Wednesday, 25 February 2009

The Two Faces of Dr Jekyll (1960)

The more Hammer films I see the more convinced I am that the more obscure the Hammer film, the better it will turn out to be. A case in point being The Two Faces of Dr Jekyll. Made in 1960, it was one of two versions of Robert Louis Stevenson’s classic tale to be filmed by Hammer. Both it and the later Dr Jekyll and Sister Hyde are slightly off-beat adaptations of the story, and in their own ways both are excellent.

The Two Faces of Dr Jekyll was directed by Terence Fisher and stars Paul Massie in the central dual role. The initial transformation scene is particularly well done since we only see Mr Hyde’s back for quite a while, so we’re left in suspense wondering what kind of hideous monster Dr Jekyll has become. In fact there are no monster makeup effects at all. Mr Hyde is young and good-looking and really is just Dr Jekyll without his beard and in flashier clothes with a more outgoing personality. But it works. This Mr Hyde is, as he should be, no monster but merely a part of Jekyll’s own personality, the part that craves freedom from society’s rules, the part that wants to be a party animal.

It turns out Dr Jekyll’s wife also craves excitement. In a major departure from the original story she’s a bit of a part animal herself, and she has a lover, a debauched and profligate (and exceptionally unsuccessful) gambler, played by Christopher Lee. The fates of Jekyll and Hyde, Jekyll’s wife and her dissipated lover become hopelessly entwined. Hyde finds a lover of his own, an exotic dancer who performs a somewhat licentious dance routine with a snake, but Hyde is amused by the idea of also taking Jekyll’s wife as his lover.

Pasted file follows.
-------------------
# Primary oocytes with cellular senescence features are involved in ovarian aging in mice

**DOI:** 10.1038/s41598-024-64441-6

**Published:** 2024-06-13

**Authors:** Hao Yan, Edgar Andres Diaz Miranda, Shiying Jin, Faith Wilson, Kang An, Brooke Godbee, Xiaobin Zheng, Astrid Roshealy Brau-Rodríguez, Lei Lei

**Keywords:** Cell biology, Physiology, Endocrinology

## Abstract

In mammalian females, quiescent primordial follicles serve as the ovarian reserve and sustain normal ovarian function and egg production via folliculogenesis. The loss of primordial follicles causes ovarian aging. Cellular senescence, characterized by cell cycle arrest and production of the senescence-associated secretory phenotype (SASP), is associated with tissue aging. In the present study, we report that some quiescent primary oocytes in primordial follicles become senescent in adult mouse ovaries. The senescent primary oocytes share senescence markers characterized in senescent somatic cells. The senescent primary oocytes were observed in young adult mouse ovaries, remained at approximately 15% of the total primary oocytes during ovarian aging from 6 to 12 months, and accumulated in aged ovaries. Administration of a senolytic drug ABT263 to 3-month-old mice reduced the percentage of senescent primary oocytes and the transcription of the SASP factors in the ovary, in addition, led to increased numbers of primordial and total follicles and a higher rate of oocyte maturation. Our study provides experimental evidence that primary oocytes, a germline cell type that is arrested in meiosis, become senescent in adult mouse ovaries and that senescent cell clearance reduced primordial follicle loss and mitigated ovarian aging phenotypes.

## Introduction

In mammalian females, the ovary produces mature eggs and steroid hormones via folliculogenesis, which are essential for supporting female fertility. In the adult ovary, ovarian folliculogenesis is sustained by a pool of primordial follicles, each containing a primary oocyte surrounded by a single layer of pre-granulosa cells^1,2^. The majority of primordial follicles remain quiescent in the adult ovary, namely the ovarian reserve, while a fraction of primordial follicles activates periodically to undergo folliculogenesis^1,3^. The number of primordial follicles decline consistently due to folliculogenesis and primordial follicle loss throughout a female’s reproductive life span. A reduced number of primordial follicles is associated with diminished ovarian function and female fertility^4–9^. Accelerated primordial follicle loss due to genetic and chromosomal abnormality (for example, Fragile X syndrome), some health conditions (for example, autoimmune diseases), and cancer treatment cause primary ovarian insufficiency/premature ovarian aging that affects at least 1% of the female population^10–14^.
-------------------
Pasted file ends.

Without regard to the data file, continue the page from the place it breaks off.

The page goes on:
Terence Fisher was renowned for his belief in a clear-cut struggle between good and evil which makes this movie a rather uncharacteristic one for him. This is a fairly sympathetic Hyde, who is reckless and irresponsible and rather childish in his selfish desires for pleasures rather than being evil as such. He’s like Dr Jekyll’s inner child become a juvenile delinquent inner child. The movie is also, for a Terence Fisher movie, just a little on the risque side. It was apparently cut for its original release but the recent DVD release (as part of the Icons of Horror boxed set) restores the cut sequences. It has a genuine atmosphere of decadance, especially in the scenes set in The Sphinx night-club. The drug-taking scenes in the opium den are pretty daring for 1960.

Paul Massie’s performance is one you’re either going to love or hate. I think he gets away with it. Christopher Lee has great fun playing a character who is neither hero nor villain and he’s delightfully slimy! Dawn Addams as Jekyll’s wife steals the picture though. She’s wonderfully wicked but without becoming a monster or a cliche.

The colours are amazingly lush and along with some splendid sets give the whole movie a kind of hallucinatory decadent feel. This is one of the more interesting movie versions of Stevenson’s tale and it’s vastly superior to both the 1932 and 1941 Hollywood versions. Highly recommended.